Elene Nicola has been attending LIFEbeat camps for nearly 10 years – first as a young person, then as a Peer Mentor and now as a Staff Member and Camp Manager. We caught up with Elene to ask her more about her experience and what it is that keeps her coming back.

How did you first come to LIFEbeat?

I first attended LIFEbeat as a young person. I was 15 years old and it was recommended to me by a friend who went the year before.

What has your LIFEbeat journey been since then?

I attended LIFEbeat between the ages of 15-18, and then I became a Peer Mentor and then a staff member. I am now 25 and I have continued to come back to camps as a staff member.

What does LIFEbeat mean to you?

This is hard to put into words but to me, LIFEbeat is a place where you are encouraged to truly be yourself and express yourself as creatively as you wish. I will never tire of witnessing the transformational journeys that both young people and staff go on each year at the LIFEbeat summer camps. These camps are usually held in a secluded spot of natural beauty, away from our busy everyday lives, and they foster such a supportive environment and develop a community that spans across the world. They create an incredibly strong sense of belonging for all involved. It’s unlike any other environment I’ve ever been in. Difference is celebrated, dreams are encouraged and supported, with connection, community, and unity at its core. LIFEbeat empowers young people (and staff) to live freely and as creatively as they wish, all while cultivating a safe space for young people to showcase their vulnerabilities and unique journeys and to be truly heard without judgement.

What is your favourite LIFEbeat memory?

It’s so hard to pick a favourite memory, I have so many wonderful moments that spring to mind. But I’ll mention the first two, one as participant and one as a facilitator.

On my very last camp as a participant, we spent one of our last family group circles running to a rope swing in the woodlands, in the pouring rain. I remember feeling so free in that moment. After what had been a deep, reflective week, building nourishing connections, ending on that moment felt so sacred, so complete.

During another family group circle where I was a staff facilitator, we had been reflecting on an activity in the morning plenary which involved drawing our story and our journey with life so far. As we were sat around a fire, one of the young people in the group spoke up and said we should burn our drawings to signify that our stories do not define us and that we can make our story whatever we want to. I watched as the young people in this small group, one by one burnt their drawings and I remember feeling so moved by this empowering moment.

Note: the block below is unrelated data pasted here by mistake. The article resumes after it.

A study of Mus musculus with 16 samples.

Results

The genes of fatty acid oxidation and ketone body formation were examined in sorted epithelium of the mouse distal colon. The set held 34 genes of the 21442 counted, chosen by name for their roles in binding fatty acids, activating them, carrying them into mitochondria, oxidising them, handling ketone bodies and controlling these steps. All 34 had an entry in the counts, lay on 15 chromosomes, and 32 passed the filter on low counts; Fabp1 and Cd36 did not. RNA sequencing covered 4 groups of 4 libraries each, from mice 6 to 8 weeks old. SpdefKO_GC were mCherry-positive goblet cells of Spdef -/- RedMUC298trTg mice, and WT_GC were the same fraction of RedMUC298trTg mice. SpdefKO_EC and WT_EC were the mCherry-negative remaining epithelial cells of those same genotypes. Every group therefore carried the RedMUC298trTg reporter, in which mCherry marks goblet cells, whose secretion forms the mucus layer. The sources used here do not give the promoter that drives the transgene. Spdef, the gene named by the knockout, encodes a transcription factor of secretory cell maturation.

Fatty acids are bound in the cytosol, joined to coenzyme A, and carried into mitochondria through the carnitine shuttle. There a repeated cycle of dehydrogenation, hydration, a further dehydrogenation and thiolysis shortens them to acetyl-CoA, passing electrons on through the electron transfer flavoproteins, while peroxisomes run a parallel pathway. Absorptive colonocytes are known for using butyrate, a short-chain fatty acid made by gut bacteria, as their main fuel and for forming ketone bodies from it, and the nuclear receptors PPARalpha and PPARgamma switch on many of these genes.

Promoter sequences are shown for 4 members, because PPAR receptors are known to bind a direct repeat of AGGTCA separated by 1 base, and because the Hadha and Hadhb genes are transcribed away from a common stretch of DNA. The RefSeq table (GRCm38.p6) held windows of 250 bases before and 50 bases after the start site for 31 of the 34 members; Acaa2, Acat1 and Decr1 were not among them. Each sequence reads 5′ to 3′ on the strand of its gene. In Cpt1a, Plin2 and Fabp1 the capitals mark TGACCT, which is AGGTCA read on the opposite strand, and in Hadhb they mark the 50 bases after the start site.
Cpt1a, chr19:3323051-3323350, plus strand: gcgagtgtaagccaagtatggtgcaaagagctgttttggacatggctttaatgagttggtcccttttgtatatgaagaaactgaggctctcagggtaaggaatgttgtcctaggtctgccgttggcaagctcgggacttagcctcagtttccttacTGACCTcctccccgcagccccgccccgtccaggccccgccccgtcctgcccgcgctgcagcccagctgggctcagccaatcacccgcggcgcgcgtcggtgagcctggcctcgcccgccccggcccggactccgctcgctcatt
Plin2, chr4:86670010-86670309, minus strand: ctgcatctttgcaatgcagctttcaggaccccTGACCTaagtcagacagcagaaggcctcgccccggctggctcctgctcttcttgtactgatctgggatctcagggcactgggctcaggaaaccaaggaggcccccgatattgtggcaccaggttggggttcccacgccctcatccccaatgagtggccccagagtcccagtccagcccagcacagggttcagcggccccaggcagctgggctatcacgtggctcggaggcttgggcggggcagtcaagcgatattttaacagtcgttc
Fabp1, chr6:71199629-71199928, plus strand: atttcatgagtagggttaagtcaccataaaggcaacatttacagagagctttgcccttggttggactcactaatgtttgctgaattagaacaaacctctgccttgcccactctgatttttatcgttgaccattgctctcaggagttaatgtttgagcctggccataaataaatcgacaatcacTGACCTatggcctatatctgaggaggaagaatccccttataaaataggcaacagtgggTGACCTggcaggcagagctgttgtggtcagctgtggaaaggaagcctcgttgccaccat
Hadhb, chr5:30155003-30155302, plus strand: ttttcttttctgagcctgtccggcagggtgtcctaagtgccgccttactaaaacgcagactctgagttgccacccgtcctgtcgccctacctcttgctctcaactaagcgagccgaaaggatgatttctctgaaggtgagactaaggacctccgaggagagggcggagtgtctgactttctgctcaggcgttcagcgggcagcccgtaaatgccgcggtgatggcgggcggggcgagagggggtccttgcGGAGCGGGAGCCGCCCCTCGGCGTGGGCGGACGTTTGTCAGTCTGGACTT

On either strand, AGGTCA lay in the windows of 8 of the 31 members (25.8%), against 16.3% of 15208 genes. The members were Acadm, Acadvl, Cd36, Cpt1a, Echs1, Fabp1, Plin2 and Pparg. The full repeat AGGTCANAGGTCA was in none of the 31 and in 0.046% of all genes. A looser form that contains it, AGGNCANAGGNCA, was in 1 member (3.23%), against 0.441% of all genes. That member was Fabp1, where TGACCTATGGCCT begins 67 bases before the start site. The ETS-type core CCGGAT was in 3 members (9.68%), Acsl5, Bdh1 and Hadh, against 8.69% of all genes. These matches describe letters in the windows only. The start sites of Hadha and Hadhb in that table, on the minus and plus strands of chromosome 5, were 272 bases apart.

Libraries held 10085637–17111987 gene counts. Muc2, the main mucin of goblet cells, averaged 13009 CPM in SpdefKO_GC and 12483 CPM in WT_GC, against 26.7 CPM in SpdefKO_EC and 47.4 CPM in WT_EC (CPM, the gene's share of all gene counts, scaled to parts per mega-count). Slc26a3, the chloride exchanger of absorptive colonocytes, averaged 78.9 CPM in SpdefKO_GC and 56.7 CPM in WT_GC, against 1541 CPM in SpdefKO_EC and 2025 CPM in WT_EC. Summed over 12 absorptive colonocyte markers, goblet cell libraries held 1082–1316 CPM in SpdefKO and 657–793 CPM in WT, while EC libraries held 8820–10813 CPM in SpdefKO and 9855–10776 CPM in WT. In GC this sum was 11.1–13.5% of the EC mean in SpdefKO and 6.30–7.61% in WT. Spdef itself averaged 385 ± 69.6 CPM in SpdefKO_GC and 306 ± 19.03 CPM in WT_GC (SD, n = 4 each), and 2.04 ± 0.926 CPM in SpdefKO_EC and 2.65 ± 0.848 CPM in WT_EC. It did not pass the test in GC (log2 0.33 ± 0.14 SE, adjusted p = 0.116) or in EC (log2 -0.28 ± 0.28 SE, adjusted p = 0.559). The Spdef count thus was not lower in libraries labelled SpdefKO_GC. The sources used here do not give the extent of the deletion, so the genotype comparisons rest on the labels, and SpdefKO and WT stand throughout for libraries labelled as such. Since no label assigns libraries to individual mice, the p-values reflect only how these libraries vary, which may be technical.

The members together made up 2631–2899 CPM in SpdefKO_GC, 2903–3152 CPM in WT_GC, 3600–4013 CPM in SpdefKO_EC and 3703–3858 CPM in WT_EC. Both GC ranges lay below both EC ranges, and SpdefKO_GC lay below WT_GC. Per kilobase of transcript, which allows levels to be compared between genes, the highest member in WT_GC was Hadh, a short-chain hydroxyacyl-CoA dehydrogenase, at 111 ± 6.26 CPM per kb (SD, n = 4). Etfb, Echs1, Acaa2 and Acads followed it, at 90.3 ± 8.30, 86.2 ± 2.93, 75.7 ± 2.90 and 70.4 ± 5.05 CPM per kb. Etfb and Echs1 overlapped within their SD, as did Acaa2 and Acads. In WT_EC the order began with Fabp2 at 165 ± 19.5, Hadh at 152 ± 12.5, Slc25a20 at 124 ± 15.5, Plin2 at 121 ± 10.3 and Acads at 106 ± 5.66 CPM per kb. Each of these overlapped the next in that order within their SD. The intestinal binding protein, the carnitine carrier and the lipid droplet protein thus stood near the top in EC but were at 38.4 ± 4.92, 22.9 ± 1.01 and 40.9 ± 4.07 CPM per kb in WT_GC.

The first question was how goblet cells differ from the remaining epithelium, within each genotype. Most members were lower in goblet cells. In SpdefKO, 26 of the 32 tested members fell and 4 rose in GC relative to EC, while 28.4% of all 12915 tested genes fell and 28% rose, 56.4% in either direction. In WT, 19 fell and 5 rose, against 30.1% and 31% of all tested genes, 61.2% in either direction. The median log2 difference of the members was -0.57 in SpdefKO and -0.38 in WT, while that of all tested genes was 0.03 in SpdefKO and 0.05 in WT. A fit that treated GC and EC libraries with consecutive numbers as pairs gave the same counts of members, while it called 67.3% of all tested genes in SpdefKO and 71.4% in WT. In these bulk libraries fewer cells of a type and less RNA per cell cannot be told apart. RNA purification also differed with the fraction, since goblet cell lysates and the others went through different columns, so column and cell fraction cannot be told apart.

What work do you do outside of LIFEbeat?

I’m currently in the process of completing a professional doctorate and training to be a Clinical Psychologist in Cambridgeshire.

How has your LIFEbeat training and experience helped to influence your work?

“Passion isn’t something you have, it’s something you develop through action and work.” LIFEbeat played a pivotal role in developing my passion for working within mental health and wellbeing. My experiences and passion for the work that LIFEbeat do long preceded me knowing I wanted to pursue a career as a psychologist. Funny how life sometimes brings you full circle without you even intending it! My training in creative practice facilitation with LIFEbeat has taught me how creative expression can foster collaboration and an element of fun within facilitation. I try to weave these principles into my current work as often as possible.

What insights do you gain from your work that you would like to bring to LIFEbeat?

Working as a psychologist, I have picked up a variety of techniques, activities, skills as well as different perspectives that I could see having their place at LIFEbeat summer camps. However, I would be hesitant to incorporate any big changes that would interfere with the LIFEbeat process, as it is this very process that intertwines so naturally with people and that is truly why it works.  You often here the phrase ‘Trust the process’ said around camp, and out of the 9 camps I’ve experienced, I’ve never seen that trust broken. I wouldn’t want to interfere with the magic it brings.

What inspires you?

When I was 17, I read a book called A Million Miles in a Thousand Years by Donald Miller and I still think about it often. In this true story, the author goes on a personal journey about making his life meaningful and what that means to him. He makes insightful reflections while writing a movie script about his own life and drawing powerful parallels on what goes into building a good story. Here’s a man just wanting to write a story and he realises he has to LIVE his story to write it down. It inspired me to try to live my story fully and consciously try to make more meaningful memories.

If you could go back in time and give yourself one tip when you were starting out as a facilitator, what would it be?

Being your authentic self is enough. There is no right or wrong way to facilitate. Camp attracts a lot of wonderfully different facilitators all of who bring different strengths with them; some voices may be louder, and some others may be quieter, but all of them are vital to make the magic work. No matter where you fall on this spectrum, you bring a uniqueness to the role just by being you, and that is always more than enough.